Sociology - BA
Please note that this program will not be offered on the Denver campus for the 2017-2018 Academic Year.
The Sociology bachelor's degree program develops in its graduates the sociological imagination: the ability to see connections between personal experiences and public issues. As students apply the sociological perspective widely across the human world, from small-scale groups to international institutions, they learn that they are not only lifelong participants in socialization, but are affected by those agents of socialization as well. The sociology curriculum equips students to answer questions about contemporary cultures, cities and inequalities, such as: How do new technologies affect social lives and cultures? What are the benefits and risks as millions of people move from rural to urban lives? And, how do inequalities of class, race and gender reinforce or sometimes contradict each other? Graduates are prepared to address the challenges posed by our increasingly global, diverse and urban world.
Students study sociological theories from the classical to the contemporary, and this informs their outlook and skill set. Core courses provide practice in research methods in their qualitative, quantitative and mixed forms. In addition to this training in the discipline, students develop analytic and expressive skills and an array of pragmatic tools, ranging from program evaluation to grant writing. With opportunities for experiential learning in internships or through study abroad, graduates of the Sociology degree program are well prepared to apply their perspective and skills across the private, public and nonproﬁt sectors, and in pursuit of graduate studies.
Upon completion of the program, graduates are expected to:
- Apply sociological theories and research methods to various social issues.
- Develop a sociological imagination and use it to explain, in the language of the profession, the correlates, causes and consequences of various social issues.
- Examine the ways in which various social forces — i.e., individuals, groups, cultures and institutions — contribute to both social reproduction and social change.
- Apply theories and methods to evaluate policies and programs at multiple levels of organizations: local, state, national and global.
- Identify and explain sociologically informed possibilities and strategies for positive social change.
A four-year program leading to the bachelor of arts degree
|RSCH2050||Workshop in Acquiring Social Research Skills||4.5|
|or SOC2005||Honors Seminar: Social Inequalities|
|SOC2620||Classical Sociological Theories||4.5|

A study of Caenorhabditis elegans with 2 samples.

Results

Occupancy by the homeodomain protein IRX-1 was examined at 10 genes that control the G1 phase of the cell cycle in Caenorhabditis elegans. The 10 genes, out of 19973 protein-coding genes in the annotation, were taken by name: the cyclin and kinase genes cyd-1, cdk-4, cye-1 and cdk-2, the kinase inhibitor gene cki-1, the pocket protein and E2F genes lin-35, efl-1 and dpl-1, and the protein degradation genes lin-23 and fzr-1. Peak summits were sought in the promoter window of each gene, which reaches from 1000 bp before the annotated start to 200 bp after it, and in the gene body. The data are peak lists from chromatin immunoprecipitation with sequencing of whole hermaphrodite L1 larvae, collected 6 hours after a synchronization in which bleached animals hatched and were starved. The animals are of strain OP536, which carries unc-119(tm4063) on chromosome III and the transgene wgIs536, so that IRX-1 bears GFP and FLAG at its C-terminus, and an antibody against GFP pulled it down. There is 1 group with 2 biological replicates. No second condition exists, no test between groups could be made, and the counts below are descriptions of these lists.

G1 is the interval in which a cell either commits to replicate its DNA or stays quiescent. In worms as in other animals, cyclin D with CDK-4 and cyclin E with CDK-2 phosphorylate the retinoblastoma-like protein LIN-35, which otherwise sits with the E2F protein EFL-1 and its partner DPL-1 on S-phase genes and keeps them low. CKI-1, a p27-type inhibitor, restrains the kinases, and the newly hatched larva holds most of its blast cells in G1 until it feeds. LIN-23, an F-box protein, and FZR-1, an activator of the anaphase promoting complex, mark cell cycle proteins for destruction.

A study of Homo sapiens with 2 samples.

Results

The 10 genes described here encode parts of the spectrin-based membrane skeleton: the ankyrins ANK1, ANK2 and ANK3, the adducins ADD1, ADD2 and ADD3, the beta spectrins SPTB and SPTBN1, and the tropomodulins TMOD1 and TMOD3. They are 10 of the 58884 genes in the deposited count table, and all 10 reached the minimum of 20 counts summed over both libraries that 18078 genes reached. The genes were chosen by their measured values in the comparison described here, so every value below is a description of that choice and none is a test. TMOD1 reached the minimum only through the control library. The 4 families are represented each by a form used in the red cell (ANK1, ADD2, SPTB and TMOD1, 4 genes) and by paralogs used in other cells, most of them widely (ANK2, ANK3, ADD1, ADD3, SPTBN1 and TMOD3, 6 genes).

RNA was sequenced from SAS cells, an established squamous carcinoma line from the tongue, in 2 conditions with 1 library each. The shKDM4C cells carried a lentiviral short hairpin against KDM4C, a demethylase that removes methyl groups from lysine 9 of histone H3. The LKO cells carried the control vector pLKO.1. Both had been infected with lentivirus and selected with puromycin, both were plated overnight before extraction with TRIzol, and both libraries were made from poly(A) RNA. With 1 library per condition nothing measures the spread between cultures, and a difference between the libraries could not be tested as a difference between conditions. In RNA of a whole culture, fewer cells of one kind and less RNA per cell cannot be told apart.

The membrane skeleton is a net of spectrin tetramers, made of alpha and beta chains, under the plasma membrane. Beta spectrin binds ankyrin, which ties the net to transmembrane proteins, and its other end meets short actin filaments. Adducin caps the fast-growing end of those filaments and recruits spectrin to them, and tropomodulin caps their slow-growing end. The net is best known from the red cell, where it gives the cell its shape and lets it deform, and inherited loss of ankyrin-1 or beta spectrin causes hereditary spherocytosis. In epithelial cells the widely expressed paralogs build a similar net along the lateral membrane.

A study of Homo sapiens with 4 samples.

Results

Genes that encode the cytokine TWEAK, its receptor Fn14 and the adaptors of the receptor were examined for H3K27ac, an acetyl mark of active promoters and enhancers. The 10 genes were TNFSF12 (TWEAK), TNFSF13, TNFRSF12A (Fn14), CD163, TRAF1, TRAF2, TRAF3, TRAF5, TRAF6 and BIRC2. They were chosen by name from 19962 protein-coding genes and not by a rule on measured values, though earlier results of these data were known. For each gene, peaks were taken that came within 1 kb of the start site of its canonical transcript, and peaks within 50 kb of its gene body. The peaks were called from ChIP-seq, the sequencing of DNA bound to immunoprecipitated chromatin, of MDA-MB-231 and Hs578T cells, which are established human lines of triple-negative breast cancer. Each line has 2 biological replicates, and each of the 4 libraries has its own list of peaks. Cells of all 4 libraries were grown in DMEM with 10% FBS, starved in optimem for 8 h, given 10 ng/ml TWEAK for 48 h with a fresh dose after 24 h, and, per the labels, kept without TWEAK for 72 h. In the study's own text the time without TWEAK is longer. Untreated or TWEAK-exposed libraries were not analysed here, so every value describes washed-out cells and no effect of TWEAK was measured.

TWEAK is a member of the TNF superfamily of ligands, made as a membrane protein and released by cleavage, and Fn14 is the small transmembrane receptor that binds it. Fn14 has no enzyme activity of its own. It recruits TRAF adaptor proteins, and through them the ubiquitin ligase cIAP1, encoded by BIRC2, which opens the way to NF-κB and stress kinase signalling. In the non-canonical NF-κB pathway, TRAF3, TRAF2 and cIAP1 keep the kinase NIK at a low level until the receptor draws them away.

|SOC3620||Contemporary Sociological Theories||4.5|
|SOC3850||Research Applications and Interventions||4.5|
|SOC4900||Capstone in Sociology||4.5|
|Major Electives *|
|Choose six of the following courses (at least two at the 3000 level):||27|
|Sociology of Digital Environments|
|Sociology of Aging|
|Community Leadership: An Applied Sociology|
|Cultures of Africa|
|Honors Seminar: Peoples and Cultures of Africa|
|Social Issues in Contemporary America|
|Sociology of the Family|
|Culture and Food|
|Cultural Tapestry: Perspectives in Diversity|
|Sociology of Race and Ethnicity|
|Gender in Global Perspective|
|Producing Culture, Societies and Selves: The Sociology of Culture in Global Perspective|
|Choose 13.5 credits from the following:||13.5|
|Internship in Sociology|
|Related Professional Studies|
|Arts & Sciences Electives||13.5 credits with an EASC attribute selected from offerings within the College of Arts & Sciences.||13.5|
|A&S Core Experience|
|Communications Foundation Courses||13.5|
|Advanced Composition and Communication|
Two ILS courses, one at the 2000 level, and one at the 4000 level
|Arts and Humanities||9|
Two courses from ART, HIST, HUM‡, LIT, PHIL or REL
|A Survey of College Mathematics (or higher, based on student's placement)|
One course from BIO^, CHM±, PHY° or SCI
One course from ECON, LEAD, PSCI, PSYC or SOC
Two courses with an EASC attribute, at least one at the 3000 level or higher.
|Free Electives #|
|22.5 credits selected from 1000-4999 numbered offerings within the university.||22.5|
Students are responsible for meeting prerequisites.
Visit Courses by Subject Code for a listing of all campus courses.
‡HUM courses are not offered in North Miami or Online.
^BIO courses are not offered in North Miami, Charlotte or Online.
±CHM courses are not offered in North Miami or Online.
°PHY courses are not offered in Charlotte or Online.
°°ANTH courses are not offered in North Miami or Charlotte.
# In addition to classes, free elective credit can be applied to a number of options such as Directed Experiential Education (DEE), Internship, Minor or Study Abroad. Students are strongly encouraged to contact an advisor before scheduling free elective credits.
NOTE: Students must pass MATH0010 Basic Mathematics or have equivalent placement scores to enroll in required math course(s).
Students who graduate with a bachelor's degree must leave Johnson & Wales University with effective writing skills. These writing skills will be assessed at the completion of ENG1021 Advanced Composition and Communication.
In collaboration with academic colleges across all JWU campuses, JWU Study Abroad programs offer a variety of options for major, Arts & Science and elective credit at many price points for students during the academic year and summer. Financial aid is applicable and scholarships are available. Visit the study abroad website for information, program descriptions and online applications.